Staff Publications

Staff Publications


    'Staff publications' contains references to publications authored by Wageningen University staff from 1976 onward.

    Publications authored by the staff of the Research Institutes are available from 1995 onwards.

    Full text documents are added when available. The database is updated daily and currently holds about 240,000 items, of which 72,000 in open access.

Title Valuing urban ecosystem services in sustainable brownfield redevelopment
Author(s) Valck, Jeremy De; Beames, A.G.; Liekens, Inge; Bettens, Maarten; Seuntjens, Piet; Broekx, Steven
Source Ecosystem Services 35 (2019). - ISSN 2212-0416 - p. 139 - 149.
Department(s) WASS
Operations Research and Logistics
Publication type Refereed Article in a scientific journal
Publication year 2019
Keyword(s) Green infrastructure; Urban ecosystem services; Sustainability; Urban development; Urban resilience; Non-market valuation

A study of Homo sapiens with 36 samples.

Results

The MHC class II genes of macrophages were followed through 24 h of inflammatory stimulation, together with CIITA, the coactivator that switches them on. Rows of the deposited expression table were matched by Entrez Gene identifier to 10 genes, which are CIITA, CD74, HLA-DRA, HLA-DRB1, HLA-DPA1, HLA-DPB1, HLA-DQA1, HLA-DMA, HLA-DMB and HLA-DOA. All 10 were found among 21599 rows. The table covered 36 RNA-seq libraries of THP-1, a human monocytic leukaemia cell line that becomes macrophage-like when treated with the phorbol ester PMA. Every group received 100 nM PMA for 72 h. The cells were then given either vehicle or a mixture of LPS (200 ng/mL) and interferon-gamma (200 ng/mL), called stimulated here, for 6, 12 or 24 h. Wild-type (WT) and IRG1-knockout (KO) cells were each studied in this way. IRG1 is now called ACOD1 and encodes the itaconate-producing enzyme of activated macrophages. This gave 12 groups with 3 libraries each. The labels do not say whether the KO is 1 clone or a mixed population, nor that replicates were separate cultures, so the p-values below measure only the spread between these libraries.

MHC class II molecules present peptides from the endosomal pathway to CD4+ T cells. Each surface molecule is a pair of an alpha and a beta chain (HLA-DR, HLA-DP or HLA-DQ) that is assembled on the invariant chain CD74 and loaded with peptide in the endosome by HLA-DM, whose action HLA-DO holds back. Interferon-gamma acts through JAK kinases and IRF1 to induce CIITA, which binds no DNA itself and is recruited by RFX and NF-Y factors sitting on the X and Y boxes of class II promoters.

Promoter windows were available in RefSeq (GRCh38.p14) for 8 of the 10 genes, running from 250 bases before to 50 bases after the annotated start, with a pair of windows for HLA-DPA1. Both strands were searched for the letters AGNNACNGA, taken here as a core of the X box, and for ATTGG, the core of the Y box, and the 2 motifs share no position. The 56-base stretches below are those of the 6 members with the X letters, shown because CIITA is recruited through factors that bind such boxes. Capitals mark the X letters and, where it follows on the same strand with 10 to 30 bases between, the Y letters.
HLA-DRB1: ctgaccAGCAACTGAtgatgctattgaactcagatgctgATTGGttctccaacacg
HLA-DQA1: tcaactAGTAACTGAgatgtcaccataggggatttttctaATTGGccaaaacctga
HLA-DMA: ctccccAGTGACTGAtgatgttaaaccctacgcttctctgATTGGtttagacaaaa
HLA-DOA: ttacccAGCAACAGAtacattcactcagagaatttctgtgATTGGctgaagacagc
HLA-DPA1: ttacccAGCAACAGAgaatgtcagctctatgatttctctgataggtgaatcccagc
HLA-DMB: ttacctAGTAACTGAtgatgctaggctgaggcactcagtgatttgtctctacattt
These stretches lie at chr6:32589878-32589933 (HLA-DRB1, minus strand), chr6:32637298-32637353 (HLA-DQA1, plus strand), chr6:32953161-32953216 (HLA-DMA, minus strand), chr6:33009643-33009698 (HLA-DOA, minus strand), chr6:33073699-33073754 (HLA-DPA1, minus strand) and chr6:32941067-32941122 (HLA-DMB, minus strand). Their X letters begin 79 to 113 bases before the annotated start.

Abstract Urban environments provide opportunities for greater resource efficiency and the fostering of urban ecosystems. Brownfield areas are a typical example of underused land resources. Brownfield redevelopment projects that include green infrastructure allow for further ecosystems to be accommodated in urban environments. Green infrastructure also deliver important urban ecosystem services (UES) to local residents, which can greatly contribute to improving quality of life in cities. In this case study, we quantify and assess the economic value of five UES for a brownfield redevelopment project in Antwerp, Belgium. The assessment is carried out using the “Nature Value Explorer” modelling tool. The case includes three types of green infrastructure (green corridor,
infiltration gullies and green roofs) primarily intended to connect nature reserves on the urban periphery and to avoid surface runoff. The green infrastructure also provides air filtration, climate regulation, carbon sequestration and recreation ecosystem services. The value of recreation far exceeds other values, including the value of avoided runoff. The case study raises crucial questions as to whether existing UES valuation approaches adequately account for the range of UES provided and whether such approaches can be improved to achieve more accurate and reliable value estimates in future analyses.